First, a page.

The Sacramental Church: The Story of Anglo-Catholicism
by John F. Nash
(Wipf and Stock Publishers, 2011, 306 pages)
The Anglican tradition is known for being a via media, a “middle way” between certain extremes of Protestantism and Catholicism. This has made for an increasingly diverse communion of churches and theological identities. One of the most important streams of Anglican identity is that of Anglo-Catholicism. Anglo-Catholics understand the Church of England and the other churches in the Anglican Communion as being manifestations of the Catholic Church in and extending from the British Isles. Anglo-Catholicism is distinguished by its recovery of a rich liturgical and aesthetic tradition. Modern day Anglicanism, even Anglicans who do not identify as Anglo-Catholic, are heavily indebted to this nineteenth-century movement that emphasized apostolic Christianity and ritual worship.
Nash’s account focuses on the development of Anglo-Catholicism in England, Scotland, and North America, though its reach extends across the globe. Not only does he give a detailed account of Anglo-Catholicism from its origins in the Oxford movement, which began the 1830’s, but he offers a substantial account of the English Church extending back to its pre-Reformation roots. This five chapter “pre-history,” as it were, of Anglo-Catholicism helps to contextualize the various Anglican traditions that developed after the Reformation. Nash spends two chapters on the Catholic Revival of the 1800’s, which saw some in the Church of England attempting to recover its apostolic roots in doctrine and worship. The final chapter looks at contemporary Anglo-Catholicism.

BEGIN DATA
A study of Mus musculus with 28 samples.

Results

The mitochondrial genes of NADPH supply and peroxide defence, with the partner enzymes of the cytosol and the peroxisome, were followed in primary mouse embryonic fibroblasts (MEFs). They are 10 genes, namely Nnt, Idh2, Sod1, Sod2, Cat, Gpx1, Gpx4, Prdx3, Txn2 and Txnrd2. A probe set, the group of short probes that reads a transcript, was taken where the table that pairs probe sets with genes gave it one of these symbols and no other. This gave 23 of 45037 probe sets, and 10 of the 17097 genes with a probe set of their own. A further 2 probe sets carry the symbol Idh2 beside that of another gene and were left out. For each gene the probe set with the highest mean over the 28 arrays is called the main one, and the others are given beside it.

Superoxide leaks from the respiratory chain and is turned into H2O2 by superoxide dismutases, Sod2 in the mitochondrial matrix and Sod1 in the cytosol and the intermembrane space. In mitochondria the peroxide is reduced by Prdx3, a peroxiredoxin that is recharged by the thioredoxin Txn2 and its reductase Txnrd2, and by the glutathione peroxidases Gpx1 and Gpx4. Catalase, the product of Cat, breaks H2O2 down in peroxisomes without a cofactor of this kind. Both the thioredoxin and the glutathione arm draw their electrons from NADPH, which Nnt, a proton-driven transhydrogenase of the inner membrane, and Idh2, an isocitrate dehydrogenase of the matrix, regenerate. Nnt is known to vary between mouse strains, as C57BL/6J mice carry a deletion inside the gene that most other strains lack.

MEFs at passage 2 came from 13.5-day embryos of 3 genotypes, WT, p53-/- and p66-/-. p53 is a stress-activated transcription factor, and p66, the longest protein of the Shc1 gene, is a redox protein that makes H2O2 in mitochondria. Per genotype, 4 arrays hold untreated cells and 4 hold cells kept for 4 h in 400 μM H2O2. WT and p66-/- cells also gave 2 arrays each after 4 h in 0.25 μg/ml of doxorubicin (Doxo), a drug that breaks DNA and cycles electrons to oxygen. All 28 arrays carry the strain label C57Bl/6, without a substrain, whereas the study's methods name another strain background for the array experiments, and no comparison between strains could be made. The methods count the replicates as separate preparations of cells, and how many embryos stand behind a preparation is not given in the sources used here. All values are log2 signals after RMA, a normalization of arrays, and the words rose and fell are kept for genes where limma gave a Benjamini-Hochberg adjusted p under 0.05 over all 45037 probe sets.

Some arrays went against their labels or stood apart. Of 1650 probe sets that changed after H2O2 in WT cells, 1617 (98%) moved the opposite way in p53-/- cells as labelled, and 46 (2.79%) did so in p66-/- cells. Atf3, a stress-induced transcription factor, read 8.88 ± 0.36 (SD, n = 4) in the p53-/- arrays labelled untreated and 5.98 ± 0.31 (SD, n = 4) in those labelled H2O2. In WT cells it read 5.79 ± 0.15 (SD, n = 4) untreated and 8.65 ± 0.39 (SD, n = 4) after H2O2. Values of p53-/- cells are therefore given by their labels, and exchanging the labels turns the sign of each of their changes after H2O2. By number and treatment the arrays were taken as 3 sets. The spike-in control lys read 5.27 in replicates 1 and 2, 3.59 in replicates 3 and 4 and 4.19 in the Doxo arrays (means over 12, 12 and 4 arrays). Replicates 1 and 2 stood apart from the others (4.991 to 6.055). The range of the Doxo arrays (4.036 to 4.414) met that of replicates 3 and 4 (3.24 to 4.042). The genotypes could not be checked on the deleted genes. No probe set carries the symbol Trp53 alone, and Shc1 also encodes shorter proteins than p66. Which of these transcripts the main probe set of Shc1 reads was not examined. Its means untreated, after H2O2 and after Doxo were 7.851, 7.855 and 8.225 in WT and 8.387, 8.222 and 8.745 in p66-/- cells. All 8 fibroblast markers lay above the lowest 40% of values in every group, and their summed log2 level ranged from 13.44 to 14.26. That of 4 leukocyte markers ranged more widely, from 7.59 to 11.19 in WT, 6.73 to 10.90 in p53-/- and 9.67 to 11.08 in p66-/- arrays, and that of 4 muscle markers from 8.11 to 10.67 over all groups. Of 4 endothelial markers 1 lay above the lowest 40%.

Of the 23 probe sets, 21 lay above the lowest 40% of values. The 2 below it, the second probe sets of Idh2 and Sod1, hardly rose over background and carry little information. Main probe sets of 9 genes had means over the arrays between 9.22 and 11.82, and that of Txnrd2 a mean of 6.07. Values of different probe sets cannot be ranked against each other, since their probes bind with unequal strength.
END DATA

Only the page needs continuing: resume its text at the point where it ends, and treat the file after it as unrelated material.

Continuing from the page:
This is far from a critical history of the Anglo-Catholicism, and Nash is upfront about his commitment to the tradition. However, Nash has done a very thorough job of detailing its history and providing context to better understand the current trends within Anglicanism. Though he is an able historian, Nash is definitely not a theologian, and this weakness shows up when he attempts to contrast Anglo-Catholicism with other Christian traditions. Despite this weakness, this is a fascinating book. It should be particularly interesting for those interested in the history of Christianity in England.